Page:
Saturday, 5 December 2009

a simple model of psychotherapy for psychosis

Here is a very simple model for the pragmatic therapy of schizophrenic psychosis. (I say 'simple', and it is, but the theories in terms of which it is cast are not at all simple. I shan't be spelling out these theories here, and will instead assume a ridiculously happy congruence between i) the reader's prior reading and philosophical prejudices and ii) my own.) It is built on a) an understanding of the nature of the core psychotic disturbance drawn from phenomenology and psychoanalysis, b) an understanding on the nature of the self drawn from existential phenomenology, and c) an understanding of the nature of effective therapeutic treatment drawn from the behavioural therapy known as ACT or acceptance and commitment therapy. I'm posting it because it seems fairly obvious, but I've not seen it articulated in just this way in the literature - probably because a) or b) and c) are not often drawn into close proximity, but also because there is much in the RFT background to ACT which is inimical to the philosophical spirit of existential phenomenological theorising about 'the self'.

a) A person 'with schizophrenia' suffers from a schizotaxic deficit. This constitutes a fragility in their capacity to hold themselves together - or, more accurately, a fragility in the capacity of their lived body to remain held together - in the context of (in particular) emotionally significant interpersonal encounters. The fundamental disturbance is accordingly a 'self disturbance'. The boundary between self and world or self and other - a boundary generated by the body schema in action - is always somewhat fragile, and then when stressed too greatly, becomes altered. The boundary between self and world, or self and other, starts to fall apart. From this basic self disturbance arises all the secondary symptoms such as delusions, hallucinations, passivity phenomena, etc.

b) Additional strain is placed on the smooth functioning of the body schema by powerful affects such as anger/anxiety. Psychotic terror at the dissolution of the self itself promotes further self-dissolution. There is however nothing that any of us can do, directly with the resources of the conscious mind, to reduce self-disturbance. Any thinking will occur 'on top of', grounded in, the self-disturbance. The kinds of hyper-reflexive retreats documented by Laing and Sass do not promote genuinely different ways of grounding the self. (Instead they are simply that: retreats from being, however much they are narcissistically dressed up as alternative realities.) The grounds of the self always remain inarticulate, background, non-reflective, aspects of bodily going-on-being which we can only promote obliquely.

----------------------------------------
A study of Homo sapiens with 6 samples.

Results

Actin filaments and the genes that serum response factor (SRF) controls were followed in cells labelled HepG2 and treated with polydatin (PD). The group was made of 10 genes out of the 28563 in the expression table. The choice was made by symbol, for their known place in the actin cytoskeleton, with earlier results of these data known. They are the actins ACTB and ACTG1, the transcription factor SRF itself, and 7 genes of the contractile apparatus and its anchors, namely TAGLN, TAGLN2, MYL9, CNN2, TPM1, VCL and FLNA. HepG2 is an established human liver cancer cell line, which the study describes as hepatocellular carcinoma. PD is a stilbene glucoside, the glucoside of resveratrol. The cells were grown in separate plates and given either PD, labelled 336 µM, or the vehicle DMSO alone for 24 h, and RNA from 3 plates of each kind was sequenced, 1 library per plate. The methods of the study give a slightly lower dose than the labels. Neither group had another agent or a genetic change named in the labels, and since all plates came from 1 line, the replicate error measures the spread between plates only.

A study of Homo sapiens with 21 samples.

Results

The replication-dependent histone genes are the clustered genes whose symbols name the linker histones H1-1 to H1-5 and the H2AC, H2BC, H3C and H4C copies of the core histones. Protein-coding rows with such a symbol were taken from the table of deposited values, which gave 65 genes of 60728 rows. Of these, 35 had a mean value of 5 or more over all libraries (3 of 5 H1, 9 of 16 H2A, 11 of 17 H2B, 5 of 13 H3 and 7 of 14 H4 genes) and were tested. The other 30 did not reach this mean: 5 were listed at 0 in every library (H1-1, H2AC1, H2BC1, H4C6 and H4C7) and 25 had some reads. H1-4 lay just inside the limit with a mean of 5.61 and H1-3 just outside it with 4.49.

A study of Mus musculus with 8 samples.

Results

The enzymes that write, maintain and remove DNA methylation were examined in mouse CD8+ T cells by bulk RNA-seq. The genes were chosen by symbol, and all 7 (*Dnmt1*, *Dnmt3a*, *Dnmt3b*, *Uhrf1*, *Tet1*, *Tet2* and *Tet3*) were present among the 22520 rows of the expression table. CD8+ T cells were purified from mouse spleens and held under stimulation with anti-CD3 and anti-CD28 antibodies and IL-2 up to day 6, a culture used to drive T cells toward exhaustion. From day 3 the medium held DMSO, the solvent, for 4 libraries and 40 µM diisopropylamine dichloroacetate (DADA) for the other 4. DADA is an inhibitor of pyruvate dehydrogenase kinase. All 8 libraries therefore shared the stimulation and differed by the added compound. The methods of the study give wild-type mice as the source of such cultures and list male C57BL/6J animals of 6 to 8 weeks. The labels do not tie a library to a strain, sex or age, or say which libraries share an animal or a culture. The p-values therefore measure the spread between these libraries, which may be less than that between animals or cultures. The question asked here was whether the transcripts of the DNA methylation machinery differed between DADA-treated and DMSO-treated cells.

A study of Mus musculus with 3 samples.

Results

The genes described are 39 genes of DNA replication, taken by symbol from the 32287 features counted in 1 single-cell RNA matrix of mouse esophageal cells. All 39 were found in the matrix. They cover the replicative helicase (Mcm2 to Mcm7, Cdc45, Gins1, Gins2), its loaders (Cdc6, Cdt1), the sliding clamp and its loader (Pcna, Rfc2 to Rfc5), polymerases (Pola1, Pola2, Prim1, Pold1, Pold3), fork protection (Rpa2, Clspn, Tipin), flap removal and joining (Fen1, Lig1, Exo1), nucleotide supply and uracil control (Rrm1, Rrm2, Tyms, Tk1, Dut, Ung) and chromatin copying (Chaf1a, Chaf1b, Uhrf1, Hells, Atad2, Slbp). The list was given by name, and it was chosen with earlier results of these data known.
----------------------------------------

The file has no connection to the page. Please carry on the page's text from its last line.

c) Part of that oblique treatment will involve any exercises of whichever sort which can aid in the recalibration and stabilisation of the body schema. The kinds of bodywork promoted by Rohricht and Schoop may help here. However ACT surely has something else - and something important - to offer. Which is the idea of dropping control agendas with regards the occurrence of distressing mental events, and also the idea of promoting an acceptance of whatever comes into the mind (acceptance tempered by a distancing acknowledgement of that whatever's mental as opposed to real state). That much has already been said in the ACT on psychosis literature. But I'd like to propose a third piece of groundless trust which it would behove the therapist to promote - namely, a trust that the body schema will look after itself if one allow it to. If one can allow oneself to 'go with' (without 'buying') the psychotic experience. Take courage, re-engage with the lived environment, and do not hyper-reflexively try to create a psychic retreat or a rigidified way of being to 'manage' the psychotic experience.

The self in psychosis has weak foundations, but these foundations are, as for everyone, constantly enacted (the path that is layed down in walking) in the course of a meaningful life lived. Can the schizotaxic patient allow that path to lay itself down, to not try to lay it down and thereby inadvertently build castles in the air which constantly threaten to crash down to earth, to instead take themselves on walks through familiar and comfortable terrains and tolerate the rough ground?